The One In The Back
The small California town we lived and raised our family in was idyllic in so many ways. To add to its’ Mayberry, USA appeal, there was an annual parade followed by a Fall Festival in the local park. Folks came from cities all around, just to experience the homespun charm that Exeter held.
It was either 2000 or 2001 (we’re not sure) when we again watched the extensive parade from our truck tailgate and especially enjoyed the local animal shelter’s entry of mis-matched, mixed breed, 4-legged home seekers ramble by. Later that afternoon, visiting all the craft and game booths set up in the park while local bands performed on stage, we got to take a closer look at the furry friends. They were grouped more-or-less by size in a variety of kennels and enclosed play areas. Usually 3 or 4 to a grouping.
We weren’t in the market for a dog. We had one. And besides, we knew it wasn’t really the right time or day to even entertain the idea because, well … funnel cakes. All that rationale still didn’t stop us from “just seeing” and the oooohs and awwwws coming from my whole family’s mouths was undeniably puppy love. But we KNEW better than to fall for it. “if f f f f f f we were to get one,” my husband said, “always pick the one in the back”. He went on to explain that the eager majority showing off, wagging and barking and flirting their way around the kennel, would most-likely get adopted sooner and easier, but the shy guy - the one shivering and cowering in the back corner - he probably goes unnoticed.
Was it those words or the chemistry I felt with this one dog in particular? I don’t know that answer, but I do know that (try as I might) I could NOT get this one little blonde fella out of my mind. I called the shelter later that week jusssst to inquire if they still had him. Sure enough they did and as luck would have it, they would be taking him to Toys R Us (remember them?) parking lot the following weekend. I could hardly sleep, waiting to “just go see” him again. We talked about it as a family and concluded that even though we weren’t necessarily needing a second dog, it would be a good idea to get one that Bailey could train in her ways, since she was such an awesome dog.
You can probably finish this story from here.
I went to Toys R Us and have never seen more needier eyes. I swear they were saying, “you came back??”. There was no way I was leaving this time without that little white snaggletooth furball. The staff told me they’d named him Joey because he would walk around the shelter on his hind legs like a kangaroo. I filled out all the forms and got all the info on the spay/neuter program they promoted and waited anxiously while they went and retrieved him for me from his cage. “Now” she said, “since you are surrrrre you want him and made your mind up yourself, I can tell you a little about his history…..”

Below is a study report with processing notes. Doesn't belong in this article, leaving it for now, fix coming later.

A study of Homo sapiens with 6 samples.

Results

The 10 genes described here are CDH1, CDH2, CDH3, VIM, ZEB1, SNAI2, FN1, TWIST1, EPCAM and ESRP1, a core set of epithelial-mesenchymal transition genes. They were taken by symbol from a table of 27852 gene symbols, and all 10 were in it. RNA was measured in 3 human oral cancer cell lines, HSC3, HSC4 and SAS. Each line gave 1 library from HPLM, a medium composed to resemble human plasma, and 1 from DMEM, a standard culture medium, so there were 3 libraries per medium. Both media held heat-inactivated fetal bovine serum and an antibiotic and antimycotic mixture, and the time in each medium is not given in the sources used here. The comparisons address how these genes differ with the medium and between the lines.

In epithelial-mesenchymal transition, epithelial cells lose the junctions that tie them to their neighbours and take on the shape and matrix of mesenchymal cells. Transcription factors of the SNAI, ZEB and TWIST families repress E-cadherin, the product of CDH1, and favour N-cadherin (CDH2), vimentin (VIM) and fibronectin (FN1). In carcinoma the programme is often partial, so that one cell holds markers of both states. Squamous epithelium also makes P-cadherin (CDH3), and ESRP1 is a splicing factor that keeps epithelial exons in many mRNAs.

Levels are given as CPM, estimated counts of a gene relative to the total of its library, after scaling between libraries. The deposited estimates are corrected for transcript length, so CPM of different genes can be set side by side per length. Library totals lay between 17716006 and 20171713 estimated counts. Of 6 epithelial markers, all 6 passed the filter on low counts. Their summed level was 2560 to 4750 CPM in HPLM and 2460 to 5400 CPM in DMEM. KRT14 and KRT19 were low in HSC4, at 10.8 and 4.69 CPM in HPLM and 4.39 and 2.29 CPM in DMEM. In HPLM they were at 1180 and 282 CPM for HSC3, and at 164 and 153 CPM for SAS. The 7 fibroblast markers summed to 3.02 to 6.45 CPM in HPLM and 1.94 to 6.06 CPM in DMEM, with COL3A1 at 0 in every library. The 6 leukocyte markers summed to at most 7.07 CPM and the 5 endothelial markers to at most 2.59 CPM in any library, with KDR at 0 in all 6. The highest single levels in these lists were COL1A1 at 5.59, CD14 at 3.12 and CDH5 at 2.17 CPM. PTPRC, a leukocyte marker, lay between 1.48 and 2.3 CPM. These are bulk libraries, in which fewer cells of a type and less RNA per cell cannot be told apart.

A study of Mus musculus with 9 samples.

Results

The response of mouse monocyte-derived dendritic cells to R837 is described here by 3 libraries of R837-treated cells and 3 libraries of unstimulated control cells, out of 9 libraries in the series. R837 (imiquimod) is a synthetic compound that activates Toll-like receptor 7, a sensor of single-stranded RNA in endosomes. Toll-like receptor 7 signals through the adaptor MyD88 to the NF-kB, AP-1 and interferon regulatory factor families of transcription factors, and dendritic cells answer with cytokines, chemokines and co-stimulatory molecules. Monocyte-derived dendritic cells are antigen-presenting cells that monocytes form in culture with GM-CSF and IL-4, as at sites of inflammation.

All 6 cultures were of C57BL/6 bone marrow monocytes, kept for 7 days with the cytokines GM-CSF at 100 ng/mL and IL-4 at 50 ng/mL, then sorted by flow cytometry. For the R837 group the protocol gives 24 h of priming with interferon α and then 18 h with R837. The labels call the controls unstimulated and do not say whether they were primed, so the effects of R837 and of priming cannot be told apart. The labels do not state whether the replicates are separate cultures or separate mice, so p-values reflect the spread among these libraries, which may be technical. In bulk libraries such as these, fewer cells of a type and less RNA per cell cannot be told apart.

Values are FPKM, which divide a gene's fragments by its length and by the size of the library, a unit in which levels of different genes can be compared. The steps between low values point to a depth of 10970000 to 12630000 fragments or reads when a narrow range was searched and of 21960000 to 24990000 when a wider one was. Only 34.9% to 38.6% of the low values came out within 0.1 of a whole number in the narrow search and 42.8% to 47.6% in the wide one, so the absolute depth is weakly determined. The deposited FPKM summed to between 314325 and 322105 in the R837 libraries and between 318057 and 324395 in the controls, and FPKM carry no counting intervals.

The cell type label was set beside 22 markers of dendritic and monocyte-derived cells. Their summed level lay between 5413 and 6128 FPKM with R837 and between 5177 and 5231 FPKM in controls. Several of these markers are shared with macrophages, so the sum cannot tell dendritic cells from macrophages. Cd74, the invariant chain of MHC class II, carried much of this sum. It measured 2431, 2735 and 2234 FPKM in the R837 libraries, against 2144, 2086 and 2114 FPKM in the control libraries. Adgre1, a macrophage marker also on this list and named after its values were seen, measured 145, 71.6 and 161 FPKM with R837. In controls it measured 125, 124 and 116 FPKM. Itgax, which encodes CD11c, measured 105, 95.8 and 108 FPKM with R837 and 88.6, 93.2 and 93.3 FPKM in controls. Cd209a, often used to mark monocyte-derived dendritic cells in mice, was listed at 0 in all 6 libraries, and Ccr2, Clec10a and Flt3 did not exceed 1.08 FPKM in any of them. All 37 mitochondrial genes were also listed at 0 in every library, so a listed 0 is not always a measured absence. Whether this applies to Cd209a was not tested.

I’d never adopted a pet from a shelter before so I didn’t know their protocol. She did not want to sway my decision, but once the ink was dry she let me know two important things. 1) Joey had been picked up by the dog catcher as some teenage boys were using him for a FOOTBALL in an alley. And 2) they’d had him quite a while with no luck of adoption so this was probably Joey’s “last show”. Gulp. Deal sealed.
Our poor baby had endured such a tragic beginning and it took YEARS for him to finally feel comfortable and secure with us. I still remember the first few weeks we had him, even the sound of the silverware drawer closing would send him running. And he HATED our son and any of his teenage friends that came over (I’m sure PTSD was an understatement), but little by little, day by day, we assured him he was loved and his new home was safe! He never did pick up on Bailey’s teachings but knowing all he had been through and how far he’d come, we gave him a pass on becoming the World’s Second Greatest Dog.
Instead, he continued to gradually relax and eventually even welcome a third dog into our mix. His mission wasn’t to become the next perfect boat dog or chase every chew toy around the house. His purpose in dog life was to do what dogs do best - love unconditionally. So ugly he was cute, an introvert in every possible way, and not many tricks to his name (other than hind leg walking), yet we bonded so deeply it was unbelievable.
He moved with us to Texas and was a huge part in the day-to-day operations of Oopsy Daisy. Whether at work or at home, he was never far from my side and always curious in what project we were working on next for the business. (not really. he mostly napped.)
As time went on (133 of them in dog years!) and his health declined, he still always wanted and waited to be by my side, especially in the evenings, unwinding from our day. We thought we were losing him two and a half years ago but with some luck, some great care, and doggy diapers, he stuck it out a while longer to bring us that much more joy. I’d say 18 years (or is it 19??) is a good long life for any dog, much less one that had so many close calls throughout theirs.
With the heaviest heart ever (I liked my dog more than I like some people - #sorrynotsorry) I kissed my little Joe’s head one final time last Friday. I’m hoping the pain is all mine and he is enjoying his even better home and even prettier gardens now - probably he’s just napping there, too. So long for now, my sweet friend. Thank you so very much for being the best little buddy I never knew I needed - just waiting for me there in the back.
I’d like to thank Animal Hospital of Denison and especially Dr. Alice Bradley for their complete concern, care, and compassion for all three of our precious dogs over the years. Also, if you are contemplating pet ownership, PLEASE #adoptdontshop! There are so many deserving animals that are more than anxious to bring you years and years of love! DAWG is a great local shelter that may just have your next new best friend!